A CUT ABOVE THE REST: Rodale’s Heritage Hogs Are Best of Breed
Jun 30, 2016 08:05AM
At Rodale Institute, in Kutztown, the importance of humanely raised, heritage-breed meat is paramount. Their heritage hog program and facility, running for about a year now, produces organically raised, pastured pork that’s both delicious and good for the whole family. The hogs are raised without antibiotics or hormones, and forage for their food, with free range of both spacious indoor and outdoor facilities, 24/7.
Farm Manager Ross Duffield oversees the whole farm operation. “When I was hired, we had a few hogs and they were not being managed as efficiently as they could have been,” explains Duffield. “I raise hogs not only on pasture, but to thrive on pasture and improve the health of the soil.” Farmers can learn from Duffield and use Rodale’s model, on a scalable level, to raise their own heritage hogs.
“The quality of our pork is superior to most pasture-raised hog operations,” assures Duffield. “Usually hogs are just a cleanup crew, but we treat them as more than that. The common misconception is that hogs destroy the ground, but they do little damage to the ground if they’re managed properly.”
Their hogs are offered a very diverse range of forages, and are encouraged to eat a variety of foods. “Pigs that eat grass, corn, turnips, pumpkins, small grains, kale, apples and beets—just to name a few of our pasture varieties—will have a more robust flavor and different fat consistency than those that are raised on grain and/or milk alone,” says Duffield.
Duffield says that, ideally, someone interested in purchasing this high-quality meat understands what makes their meat different. Rodale Institute focuses on heritage-breed hogs—traditional livestock breeds whose descent can be tracked to their forefathers—which are limited in number nationwide. “Heritage breeds do very, very well on pasture. More of their diet is consumed on pasture than your average confined hog. They’re efficient and make good use of the land. They’re also friendly, easily manageable and have excellent mothering abilities,” he enthuses. “The better they are on pasture, I feel the better quality pork they provide.”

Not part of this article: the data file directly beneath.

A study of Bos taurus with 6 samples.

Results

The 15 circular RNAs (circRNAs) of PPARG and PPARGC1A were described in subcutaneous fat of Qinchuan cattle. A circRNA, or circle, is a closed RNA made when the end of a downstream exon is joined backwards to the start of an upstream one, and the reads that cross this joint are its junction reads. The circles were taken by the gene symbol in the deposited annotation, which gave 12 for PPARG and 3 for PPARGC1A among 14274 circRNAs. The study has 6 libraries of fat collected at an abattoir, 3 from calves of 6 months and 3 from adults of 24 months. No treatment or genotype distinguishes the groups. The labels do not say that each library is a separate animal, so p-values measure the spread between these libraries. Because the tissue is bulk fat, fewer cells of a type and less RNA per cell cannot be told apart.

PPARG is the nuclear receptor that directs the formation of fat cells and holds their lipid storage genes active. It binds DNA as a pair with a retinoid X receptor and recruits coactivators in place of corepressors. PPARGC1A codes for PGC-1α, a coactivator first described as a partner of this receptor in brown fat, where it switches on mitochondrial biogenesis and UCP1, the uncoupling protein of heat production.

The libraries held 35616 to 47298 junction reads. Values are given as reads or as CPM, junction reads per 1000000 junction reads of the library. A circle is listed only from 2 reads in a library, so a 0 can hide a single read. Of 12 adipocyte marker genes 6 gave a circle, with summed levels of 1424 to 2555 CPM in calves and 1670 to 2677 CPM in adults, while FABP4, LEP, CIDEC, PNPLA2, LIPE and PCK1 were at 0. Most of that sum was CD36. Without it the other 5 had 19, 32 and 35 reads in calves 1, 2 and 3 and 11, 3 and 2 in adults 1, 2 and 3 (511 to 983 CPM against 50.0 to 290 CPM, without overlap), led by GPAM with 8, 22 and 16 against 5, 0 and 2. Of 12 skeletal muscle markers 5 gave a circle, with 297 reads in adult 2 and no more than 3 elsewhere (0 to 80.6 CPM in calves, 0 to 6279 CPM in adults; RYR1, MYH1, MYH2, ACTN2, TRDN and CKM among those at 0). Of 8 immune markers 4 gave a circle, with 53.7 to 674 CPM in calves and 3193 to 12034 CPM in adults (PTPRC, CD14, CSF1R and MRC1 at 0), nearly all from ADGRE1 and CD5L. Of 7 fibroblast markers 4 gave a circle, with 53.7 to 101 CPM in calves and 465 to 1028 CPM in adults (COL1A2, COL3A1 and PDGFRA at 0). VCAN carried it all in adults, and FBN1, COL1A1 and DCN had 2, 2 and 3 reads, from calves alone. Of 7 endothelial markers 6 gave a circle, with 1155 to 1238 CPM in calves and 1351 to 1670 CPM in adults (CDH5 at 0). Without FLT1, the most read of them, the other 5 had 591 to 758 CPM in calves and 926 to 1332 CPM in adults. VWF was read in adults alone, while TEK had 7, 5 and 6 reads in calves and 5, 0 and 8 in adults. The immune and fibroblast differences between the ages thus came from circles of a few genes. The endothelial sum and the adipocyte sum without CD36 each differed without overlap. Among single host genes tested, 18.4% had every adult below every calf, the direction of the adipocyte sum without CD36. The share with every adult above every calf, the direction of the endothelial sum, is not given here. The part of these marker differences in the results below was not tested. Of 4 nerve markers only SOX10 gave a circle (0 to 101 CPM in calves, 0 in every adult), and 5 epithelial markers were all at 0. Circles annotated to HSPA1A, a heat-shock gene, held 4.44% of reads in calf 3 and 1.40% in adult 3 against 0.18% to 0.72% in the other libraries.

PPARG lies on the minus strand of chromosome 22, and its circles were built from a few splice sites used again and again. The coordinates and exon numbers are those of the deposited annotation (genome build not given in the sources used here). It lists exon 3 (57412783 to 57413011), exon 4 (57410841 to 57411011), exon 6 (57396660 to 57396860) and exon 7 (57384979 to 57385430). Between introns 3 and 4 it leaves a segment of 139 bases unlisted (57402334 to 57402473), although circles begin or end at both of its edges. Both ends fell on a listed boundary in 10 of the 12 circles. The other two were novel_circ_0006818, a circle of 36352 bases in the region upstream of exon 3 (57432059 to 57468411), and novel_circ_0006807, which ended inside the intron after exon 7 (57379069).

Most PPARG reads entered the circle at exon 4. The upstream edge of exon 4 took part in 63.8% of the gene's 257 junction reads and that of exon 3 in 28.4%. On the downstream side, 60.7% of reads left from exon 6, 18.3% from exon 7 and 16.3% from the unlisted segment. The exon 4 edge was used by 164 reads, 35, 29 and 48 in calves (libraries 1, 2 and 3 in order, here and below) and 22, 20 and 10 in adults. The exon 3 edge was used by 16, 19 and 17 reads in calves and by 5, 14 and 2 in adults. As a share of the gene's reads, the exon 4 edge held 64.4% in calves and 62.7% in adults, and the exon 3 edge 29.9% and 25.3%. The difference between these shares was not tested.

Rodale Institute focuses on selling whole hogs to the customer, at around four to five dollars per pound—about $1,000 for a whole hog, depending on exact weight. “I’ll help people out [on price] if they’re willing to buy meat from me consistently,” says Duffield. About half a dozen hogs are available right now, with “quite a few” expected to be available in the fall.
Customers are welcome to share a hog with others, Duffield notes, but the responsibility is on them to find a partner with whom they may split the cost of the whole hog. Hogs are sold directly off the farm. “We use an Animal Welfare Approved meat-processing company in Mount Joy called Smucker’s Meats. Smucker’s can accommodate just about any option the consumer chooses, from simply dressing the hog, butchering primal cuts or cutting retail cuts that the consumer chooses,” Duffield explains. Primal and retail cuts are vacuum packed, labeled and flash frozen. Rodale Institute sells portions of the meat in its on-site farm store, including pork chops, sliced bacon and other cuts. Duffield says they’re also interested in selling primal cuts of meat to local chefs, restaurants and catering companies.
Providing the hogs a low-stress environment, Duffield says, makes for much better pork. “Our hogs are happy. Happy pigs make good pork.”
Rodale Institute is located at 611 Siegfriedale Rd., in Kutztown. To purchase a whole hog for your family or business, call 610-683-1474 or email [email protected].
Michelle Bense is a freelance editor and writer for Natural Awakenings magazines. Connect with her at [email protected].